Do you trust the Biden administration to pick economic winners and losers?

That is what’s at stake in the Department of Justice’s new antitrust lawsuit against Apple. Instead of looking out for taxpayers, the department wants to let multibillion-dollar corporations freeload off Apple’s business model, to the detriment of devices you use every day. 

Antitrust law has been in force since the end of the 19th century. It gives the federal government broad power to break up or levy fines on companies that bureaucrats view as harming competition. 

Despite these seemingly good intentions, the first half-century of antitrust law was disastrous. Judges and politicians weaponized antitrust to attack companies for political reasons. Antitrust law in those days maximized government power over the economy. In a dissent to the United States v. Vons Grocery case, former Supreme Court Justice Potter Stewart said, “the sole consistency I can find [in antitrust law] is that the government always wins.”

Recognizing that this body of law was completely broken, conservative luminary Robert Bork traced legislative history and concluded that Congress had intended antitrust law to protect consumers. Bork’s “consumer welfare standard,” adopted by the Supreme Court in the late 1970s, is a simple test. If a company’s conduct is not harming consumers through a number of factors — most notably higher prices, reduced quality and slowed innovation — then it is not in violation of antitrust law. 

It is difficult to overstate the consumer welfare standard’s impact. For one, it is a critical constraint on a powerful tool the government can use to bend companies to its will. For another, it fostered the creation and growth of the world’s largest, most dynamic and most innovative companies in the U.S. Unlike other countries, we do not punish our companies for being successful. 

Since day one, President Biden’s mission has been to increase government control over the economy. Biden’s top antitrust enforcers — Department of Justice Antitrust Chief Jonathan Kanter and Federal Trade Commission Chair Lina Khan — have blasted the consumer welfare standard as out of step with the modern economy. They believe that antitrust law should give a leg up to companies that cannot compete on the merits and that the government should pick economic winners and losers. Call it the corporate welfare standard.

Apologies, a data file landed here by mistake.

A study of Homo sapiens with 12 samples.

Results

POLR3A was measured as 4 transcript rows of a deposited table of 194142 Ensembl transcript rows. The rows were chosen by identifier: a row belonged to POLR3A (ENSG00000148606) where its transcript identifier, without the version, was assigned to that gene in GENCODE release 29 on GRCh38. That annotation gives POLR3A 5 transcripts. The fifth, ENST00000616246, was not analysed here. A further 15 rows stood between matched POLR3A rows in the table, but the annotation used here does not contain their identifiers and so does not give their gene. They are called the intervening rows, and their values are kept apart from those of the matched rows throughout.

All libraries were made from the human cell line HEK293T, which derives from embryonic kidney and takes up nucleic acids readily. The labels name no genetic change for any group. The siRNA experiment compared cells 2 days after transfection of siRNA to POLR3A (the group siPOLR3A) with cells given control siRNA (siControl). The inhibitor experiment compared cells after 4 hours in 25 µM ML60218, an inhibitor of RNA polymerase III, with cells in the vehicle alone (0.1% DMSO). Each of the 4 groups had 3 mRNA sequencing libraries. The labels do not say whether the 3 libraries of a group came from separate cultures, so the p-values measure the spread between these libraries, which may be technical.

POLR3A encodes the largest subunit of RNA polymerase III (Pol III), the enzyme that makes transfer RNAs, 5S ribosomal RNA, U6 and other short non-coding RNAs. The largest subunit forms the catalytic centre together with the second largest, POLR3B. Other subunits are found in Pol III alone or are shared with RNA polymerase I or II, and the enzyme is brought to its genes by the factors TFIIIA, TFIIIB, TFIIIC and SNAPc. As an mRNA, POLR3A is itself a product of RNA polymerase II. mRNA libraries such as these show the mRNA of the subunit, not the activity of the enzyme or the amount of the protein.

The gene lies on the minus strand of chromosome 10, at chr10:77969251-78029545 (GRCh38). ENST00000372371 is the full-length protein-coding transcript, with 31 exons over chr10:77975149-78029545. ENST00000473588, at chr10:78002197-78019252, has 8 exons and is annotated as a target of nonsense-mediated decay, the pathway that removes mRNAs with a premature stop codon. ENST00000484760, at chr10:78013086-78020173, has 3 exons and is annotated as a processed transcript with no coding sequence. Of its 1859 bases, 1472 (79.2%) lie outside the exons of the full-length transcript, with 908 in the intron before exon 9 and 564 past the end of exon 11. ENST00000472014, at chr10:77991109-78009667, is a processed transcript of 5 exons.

Enter the Apple case, one of several antitrust cases the Biden administration has launched to bring the corporate welfare standard to life. At its core, the case is a rent-seeking exercise by Apple’s competitors. Kanter, the case’s lead attorney, represented Apple’s smaller rivals for years in private practice to the tune of millions of dollars. Now, Kanter is using his government perch to deliver for his former (and likely future) clients. Nice work if you can get it. 

The case alleges that Apple maintains an unassailable monopoly on the “smartphone market,” ignoring that Apple has 20 percent of the global smartphone market. The Justice Department accuses Apple of using its market position to exclude rivals and suppress competition. 

In reality, the case is a thinly veiled attempt by the Biden administration to control and remake Apple’s business model. Apple’s “walled garden” ecosystem emphasizes security for users and interoperability between Apple devices. One of Apple’s selling points is that their devices “just work” out of the box and all work together as part of a coherent ecosystem. Consumers who favor a more open approach than Apple do not need the government’s help to switch to Android.

Arrogant nanny state government paternalism is the thread that runs through the Justice Department’s case. The department bizarrely claims that the only reason iTunes was ever on Windows was because of its intervention, a false rewriting of history designed to make the bureaucrats look like innovators. The case even cites the “social stigma” of an Android user’s message bubbles appearing green on iPhones as a reason for antitrust cops to step in. There’s no word on whether the Justice Department is changing its name to the Department of Social Justice.

If the Justice Department is successful at remaking Apple’s business model, it will allow Kanter’s former clients to freeload on tens of billions of dollars of research and development and intellectual property. Instead of increasing competition between Apple and other smartphone makers, the practical effect of the Justice Department’s case would be to make iPhones look like Androids. This leaves consumers no better off while giving a massive leg up to Apple’s rivals. 

The case is bigger than one company. Will antitrust law promote consumer welfare and competition as it has since the Supreme Court adopted the consumer welfare standard? Or will antitrust law once again become a weapon wielded by companies and special interests against their larger rivals, consumers be damned? 

The courts will decide if the corporate welfare standard replaces the consumer welfare standard. Those who do not believe that the Biden administration should pick economic winners and losers will be pulling for the consumer welfare standard to prevail. 

Tom Hebert is the director of competition and regulatory policy at Americans for Tax Reform and executive director of the Open Competition Center.